Thoughts On Teaching Ballet Technique Classes

Although I am known for teaching the Luigi Jazz Technique, the majority of my work is in the teaching of ballet technique classes. A particular topic of discussion has come up many times amongst my colleagues. It often starts with me, or someone of my generation, saying something like: “When I was their age, I would spend hours in the mirror at home, trying to get my tendu just right. Why won’t my students work like that today?” I think we all agree that most of our students are NOT lazy. What they are is impatient.
We are all aware that we are living in a “YouTube Star” – “Instant Gratification World” and I am sorry to say, that in my opinion, the “every child gets a trophy” culture that we are living in has created part of the problem.
So, now we are faced with teaching an ART FORM, not an activity, to a group of wonderfully talented students who on some level, expect to be able to do everything perfectly on the first try; to a kid who expects to post a video on line and become a super star; to a kid who never really worked to get a compliment. IT’S NOT EASY. I spent 10 years studying with a student of Madame Vagaonava herself. 10 years. I never once was complimented.
I have started saying things like “No one in this room is ever going to be good enough; in fact NO ONE is ever good enough. Your dancing can always be improved, there is always something to work for, something to strive for. I want to open doors  for you, doors to new ways of working. I am not going to teach you steps. I am not going to teach you a dance. I am going to teach you HOW to dance. And learning to dance is a process that lasts a lifetime. And anyone in this room who thinks otherwise is sadly mistaken. THE STUDY OF BALLET IS THE RELENTLESS PERSUIT OF AN UNACHIEVABLE PERFECTION. I have told students that I am not going to compliment them every time they do something right or there will be no time for teaching. I have even stopped for the most part saying “good” or “right” unless it is REALLY GOOD or REALLY RIGHT. Instead I Say “Better”. But I truly believe that this has to come from a place of love. And the students can tell the difference. If I give this sort of speech, and stop complimenting, and sometimes talk to them more harshly than I would have in the past, my students still know that I love them (because I do). I often tell them that I am desperately trying to given them the opportunity that I didn’t have; because my parents didn’t support the idea of me dancing. And that their success was what was important to me.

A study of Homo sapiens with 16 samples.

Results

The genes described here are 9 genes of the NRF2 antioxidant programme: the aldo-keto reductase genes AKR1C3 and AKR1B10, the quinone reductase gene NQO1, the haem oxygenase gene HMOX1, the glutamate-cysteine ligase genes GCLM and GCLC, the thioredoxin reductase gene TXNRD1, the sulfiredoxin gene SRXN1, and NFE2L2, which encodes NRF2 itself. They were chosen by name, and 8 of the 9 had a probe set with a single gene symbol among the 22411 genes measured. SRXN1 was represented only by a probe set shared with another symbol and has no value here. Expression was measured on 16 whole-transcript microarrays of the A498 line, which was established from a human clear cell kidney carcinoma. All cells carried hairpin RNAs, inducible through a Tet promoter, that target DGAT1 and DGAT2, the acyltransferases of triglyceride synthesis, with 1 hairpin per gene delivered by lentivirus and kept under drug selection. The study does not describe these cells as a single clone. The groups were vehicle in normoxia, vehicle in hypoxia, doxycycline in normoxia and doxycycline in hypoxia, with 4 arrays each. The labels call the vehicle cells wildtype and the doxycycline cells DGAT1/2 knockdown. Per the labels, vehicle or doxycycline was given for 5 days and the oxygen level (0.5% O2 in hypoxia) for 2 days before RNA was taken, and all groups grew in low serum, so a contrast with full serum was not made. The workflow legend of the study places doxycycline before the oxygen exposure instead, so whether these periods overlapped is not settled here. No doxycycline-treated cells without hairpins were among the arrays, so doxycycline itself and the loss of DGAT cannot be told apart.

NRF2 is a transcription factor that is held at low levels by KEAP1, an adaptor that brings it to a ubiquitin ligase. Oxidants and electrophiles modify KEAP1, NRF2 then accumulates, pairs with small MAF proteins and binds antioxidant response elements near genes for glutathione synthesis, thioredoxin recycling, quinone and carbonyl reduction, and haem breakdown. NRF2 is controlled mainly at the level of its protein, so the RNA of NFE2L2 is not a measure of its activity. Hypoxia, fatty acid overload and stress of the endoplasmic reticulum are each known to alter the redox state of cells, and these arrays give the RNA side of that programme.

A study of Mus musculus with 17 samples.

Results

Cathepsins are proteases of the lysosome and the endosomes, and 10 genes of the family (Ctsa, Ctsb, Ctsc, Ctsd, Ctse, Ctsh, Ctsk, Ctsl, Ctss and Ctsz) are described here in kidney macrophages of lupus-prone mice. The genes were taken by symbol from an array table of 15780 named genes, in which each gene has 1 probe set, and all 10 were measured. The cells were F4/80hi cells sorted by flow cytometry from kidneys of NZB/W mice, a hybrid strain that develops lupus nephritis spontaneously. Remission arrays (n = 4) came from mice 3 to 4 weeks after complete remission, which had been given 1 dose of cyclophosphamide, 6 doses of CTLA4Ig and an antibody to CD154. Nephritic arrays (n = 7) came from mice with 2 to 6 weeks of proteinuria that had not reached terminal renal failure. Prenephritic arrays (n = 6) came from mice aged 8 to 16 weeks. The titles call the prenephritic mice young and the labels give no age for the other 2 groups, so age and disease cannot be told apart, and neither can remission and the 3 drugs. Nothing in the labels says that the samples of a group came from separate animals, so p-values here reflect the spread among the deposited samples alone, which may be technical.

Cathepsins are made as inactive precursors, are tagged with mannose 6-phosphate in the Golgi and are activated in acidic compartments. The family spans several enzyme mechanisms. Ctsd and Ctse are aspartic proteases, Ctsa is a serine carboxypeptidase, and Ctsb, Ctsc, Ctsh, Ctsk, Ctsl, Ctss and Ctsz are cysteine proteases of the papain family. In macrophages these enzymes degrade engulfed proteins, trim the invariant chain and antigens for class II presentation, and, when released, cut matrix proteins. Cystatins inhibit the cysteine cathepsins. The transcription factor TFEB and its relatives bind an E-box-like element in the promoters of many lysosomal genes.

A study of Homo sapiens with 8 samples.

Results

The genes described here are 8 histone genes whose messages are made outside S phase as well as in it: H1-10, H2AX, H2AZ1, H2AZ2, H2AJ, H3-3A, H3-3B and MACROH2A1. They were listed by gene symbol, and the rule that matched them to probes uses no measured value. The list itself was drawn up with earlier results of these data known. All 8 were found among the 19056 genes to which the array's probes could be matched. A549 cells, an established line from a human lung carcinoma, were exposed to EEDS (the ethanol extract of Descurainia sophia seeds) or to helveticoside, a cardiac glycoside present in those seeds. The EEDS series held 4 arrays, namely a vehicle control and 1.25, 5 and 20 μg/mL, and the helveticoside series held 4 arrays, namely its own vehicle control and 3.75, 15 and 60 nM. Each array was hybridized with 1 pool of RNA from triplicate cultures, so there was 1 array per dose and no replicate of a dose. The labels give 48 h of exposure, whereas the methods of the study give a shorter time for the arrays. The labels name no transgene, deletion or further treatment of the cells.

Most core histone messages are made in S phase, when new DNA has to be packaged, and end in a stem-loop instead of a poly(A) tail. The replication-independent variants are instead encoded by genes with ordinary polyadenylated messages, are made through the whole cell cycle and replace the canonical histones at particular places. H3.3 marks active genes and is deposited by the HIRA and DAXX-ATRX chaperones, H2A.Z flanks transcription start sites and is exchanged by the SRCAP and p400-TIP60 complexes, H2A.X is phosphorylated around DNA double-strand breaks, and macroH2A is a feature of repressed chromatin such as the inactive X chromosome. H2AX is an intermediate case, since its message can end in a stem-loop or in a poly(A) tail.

And so I stopped coddling, I stopped complimenting, and I started encouraging students to WORK. I often talk about how much the process means to me. How at 55 I still take class three to five times a week, and I still work to get better. How I’m still finding nuances, and how exciting that is for me.WHEN THE STUDENT FINDS THE JOY IN THE PROCESS, THE DANCER IS BORN.
So often I feel like students are TAKING class. And that is where I feel the students are falling short. They are taking class and not studying ballet. The study of ballet is steeped in ritual. There is the centuries-old tradition of walking into the studio every morning and placing your left hand on the barre. During technique class I teach about the history of ballet (in small doses), because the history is intimately intertwined with the technique. I can trace my educational lineage directly to Vaganova and Cecchetti and my ballet students know and understand that what I am teaching them came from these great masters, from teacher to student to them.
Learning to embrace and love the process is the key to improvement. We must strive every day to make each tendu longer, each plié more supple and elastic, each rond de jamb more majestic, each arabesque more expansive. We must make our adagio more expressive, our epaulment more nuanced, our petite allegro more crystalline and bright, our grand allegro more explosive and joyous.

And it will never be good enough. And that is the challenge, and that is the beauty. When the student finds the joy in the process, the dancer is born.